Business Shouldn’t Be About War

Updated: Nov 12, 2021

December 13, 2011

This article first appeared in Exchange4media and FirstPost on December 13, 2011.

We often think of business as being a war. The only way to win is to make the other guy lose. This article takes the view that businesses will make more money by abandoning this metaphor altogether.

Adam Smith, the father of Economics, said that society was best served if everybody did the best for themselves. This is considered to be the basis of capitalism today. The other way is to be a socialist and we already know that it doesn’t work as an economic model.

So is there a third way? Prof. John Nash, on whose life the film “Beautiful Mind” is based, won a Nobel Prize in Economics for showing that there is. He said that the best way forward was for everyone to think of what is best for themselves AND what is best for the group. In the movie, this principle is captured beautifully in the scene below.

In that scene, Prof. Nash and his friends are in a bar when a group of girls walk in. The blonde girl in the group is clearly the best looking of the lot and all the men are attracted to her. Nash tells his friends that if they all went for her, then they would just cancel each other out. They could then go for her friends, but then nobody likes being a second choice. So they would all end up sleeping alone. On the other hand, if they all ignored the blonde and went for the other girls, then they would “all get laid”. Eureka.

Let me explain this with another example. Imagine that two prisoners are being interrogated separately. The evidence against them is insufficient to convict them unless one or both of them confess. They cannot talk to each other, and the cops offer each a deal. Confess and we let you go free while the other guy gets 20 years. If both confess, then each gets 10 years. The table below shows the alternatives for the two prisoners.

It is in the best personal interest of both to confess. That way they may go free or, at worst, get 10 years. However, if both do what is best for them individually then they will end up getting 10 years each. Now if they think of the group, then they would realise that the best way forward is to not confess – both could then go free.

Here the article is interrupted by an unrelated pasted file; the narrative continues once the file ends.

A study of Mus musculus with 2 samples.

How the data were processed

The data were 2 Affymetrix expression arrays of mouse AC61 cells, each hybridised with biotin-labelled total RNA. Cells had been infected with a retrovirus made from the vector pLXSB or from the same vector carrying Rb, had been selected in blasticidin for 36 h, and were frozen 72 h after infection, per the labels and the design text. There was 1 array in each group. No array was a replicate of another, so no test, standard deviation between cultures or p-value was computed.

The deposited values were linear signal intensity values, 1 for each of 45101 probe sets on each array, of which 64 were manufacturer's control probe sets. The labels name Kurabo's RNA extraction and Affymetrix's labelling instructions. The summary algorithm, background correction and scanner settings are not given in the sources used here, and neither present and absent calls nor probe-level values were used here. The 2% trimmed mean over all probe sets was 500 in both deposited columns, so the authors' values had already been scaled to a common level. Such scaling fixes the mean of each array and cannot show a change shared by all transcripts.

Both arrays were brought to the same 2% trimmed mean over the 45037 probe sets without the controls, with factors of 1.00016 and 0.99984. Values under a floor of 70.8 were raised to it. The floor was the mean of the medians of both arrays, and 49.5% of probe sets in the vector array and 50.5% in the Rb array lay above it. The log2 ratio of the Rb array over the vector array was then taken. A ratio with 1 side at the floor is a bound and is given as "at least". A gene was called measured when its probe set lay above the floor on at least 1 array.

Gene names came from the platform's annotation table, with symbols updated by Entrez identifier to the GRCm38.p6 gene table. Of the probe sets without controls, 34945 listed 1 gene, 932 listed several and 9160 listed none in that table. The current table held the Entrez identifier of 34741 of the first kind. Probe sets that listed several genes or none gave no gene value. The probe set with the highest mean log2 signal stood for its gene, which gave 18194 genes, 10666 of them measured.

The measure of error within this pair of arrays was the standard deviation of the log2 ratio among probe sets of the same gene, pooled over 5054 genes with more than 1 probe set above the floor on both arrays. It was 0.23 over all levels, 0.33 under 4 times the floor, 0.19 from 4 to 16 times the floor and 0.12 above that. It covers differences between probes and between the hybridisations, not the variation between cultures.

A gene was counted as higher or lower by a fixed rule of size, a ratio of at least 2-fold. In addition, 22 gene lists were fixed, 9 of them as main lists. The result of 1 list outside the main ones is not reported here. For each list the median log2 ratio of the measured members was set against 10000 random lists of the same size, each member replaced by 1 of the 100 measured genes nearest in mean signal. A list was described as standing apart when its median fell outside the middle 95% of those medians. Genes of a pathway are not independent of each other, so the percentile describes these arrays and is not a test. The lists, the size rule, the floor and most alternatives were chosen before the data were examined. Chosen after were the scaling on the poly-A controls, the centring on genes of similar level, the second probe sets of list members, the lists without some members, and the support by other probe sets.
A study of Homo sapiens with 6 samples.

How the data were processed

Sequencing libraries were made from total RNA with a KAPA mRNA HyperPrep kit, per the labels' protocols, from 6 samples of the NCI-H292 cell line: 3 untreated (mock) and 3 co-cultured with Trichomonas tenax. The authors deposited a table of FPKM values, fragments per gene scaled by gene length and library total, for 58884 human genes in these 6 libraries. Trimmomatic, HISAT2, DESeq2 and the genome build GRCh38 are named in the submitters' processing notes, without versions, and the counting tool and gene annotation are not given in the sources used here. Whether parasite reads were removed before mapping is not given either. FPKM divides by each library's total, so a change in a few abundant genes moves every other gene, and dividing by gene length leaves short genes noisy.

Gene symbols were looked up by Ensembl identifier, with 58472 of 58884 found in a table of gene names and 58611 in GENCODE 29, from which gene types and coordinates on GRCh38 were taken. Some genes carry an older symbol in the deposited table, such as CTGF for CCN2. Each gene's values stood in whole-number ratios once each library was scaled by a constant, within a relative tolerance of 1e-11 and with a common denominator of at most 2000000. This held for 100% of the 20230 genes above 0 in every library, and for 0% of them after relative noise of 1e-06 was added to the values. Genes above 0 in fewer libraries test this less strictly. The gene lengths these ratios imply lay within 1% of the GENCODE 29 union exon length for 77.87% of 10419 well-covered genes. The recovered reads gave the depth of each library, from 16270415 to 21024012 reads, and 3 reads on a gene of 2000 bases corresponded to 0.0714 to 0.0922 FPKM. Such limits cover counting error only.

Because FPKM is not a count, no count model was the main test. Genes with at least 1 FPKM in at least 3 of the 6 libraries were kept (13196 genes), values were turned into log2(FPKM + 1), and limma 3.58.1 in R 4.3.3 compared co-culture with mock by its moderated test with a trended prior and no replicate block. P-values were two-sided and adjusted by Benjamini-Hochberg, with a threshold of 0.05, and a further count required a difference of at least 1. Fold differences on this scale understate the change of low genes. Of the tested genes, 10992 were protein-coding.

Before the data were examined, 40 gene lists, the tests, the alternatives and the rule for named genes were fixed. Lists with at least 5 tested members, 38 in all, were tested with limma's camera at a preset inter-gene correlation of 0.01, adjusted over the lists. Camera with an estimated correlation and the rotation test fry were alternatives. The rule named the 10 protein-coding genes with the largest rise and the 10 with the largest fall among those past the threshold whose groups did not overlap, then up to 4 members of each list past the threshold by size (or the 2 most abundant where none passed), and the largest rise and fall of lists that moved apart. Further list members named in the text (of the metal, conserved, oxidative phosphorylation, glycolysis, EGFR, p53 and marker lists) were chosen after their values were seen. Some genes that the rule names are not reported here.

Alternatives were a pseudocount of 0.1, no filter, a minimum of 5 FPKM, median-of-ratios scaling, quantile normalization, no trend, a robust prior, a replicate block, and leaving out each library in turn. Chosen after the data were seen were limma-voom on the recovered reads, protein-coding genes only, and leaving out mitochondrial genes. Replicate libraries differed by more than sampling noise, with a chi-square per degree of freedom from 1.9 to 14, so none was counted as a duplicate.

This is called Game Theory and is fast becoming the way business strategists are thinking. In the old way of thinking, one would assume that economic progress would necessarily lead to ecological disasters. But today many believe that it is possible to have sustainable strategies that combine being good to the environment with economic progress.

For decades, we have debated the issue of growth and equality. Should we grow the size of the cake or attempt to divide the cake more equitably. We never thought it was possible to do both. Today, everyone is looking for ways to achieve “inclusive growth”.

At the level of an individual firm too, game theory works. We all need to see how we can get to a win-win situation rather than stay with the win-lose mindset. Sales promotions are a classic case of win-lose thinking that is leading to a race to the bottom. Competing brands in a category are trying to woo consumers away from each other by offering steeper discounts. This leads to lower profitability for everyone and ultimately even the consumer loses out since many players will go out of business.

Using game theory, the brands can work out what is the optimal equilibrium point for the market and aim for that. It might mean reducing your market share target, but would mean increasing your profits. Isn’t that better than bleeding with a growing top line?

Telecom firms are today fighting this cheap, cheaper, cheapest war and are, consequently bleeding. As a result, they are not investing enough in the service and consumers are suffering too. Better to change this model and start to win. Airlines are doing the same too. Kingfisher Airlines and Air India may both close down soon and that will surely be bad for consumers too.

Consumers today refuse to trade off value for quality. They want both. When will brands realize that they too don’t need to sacrifice profitability for growth? How to do that is the subject of a longer discussion.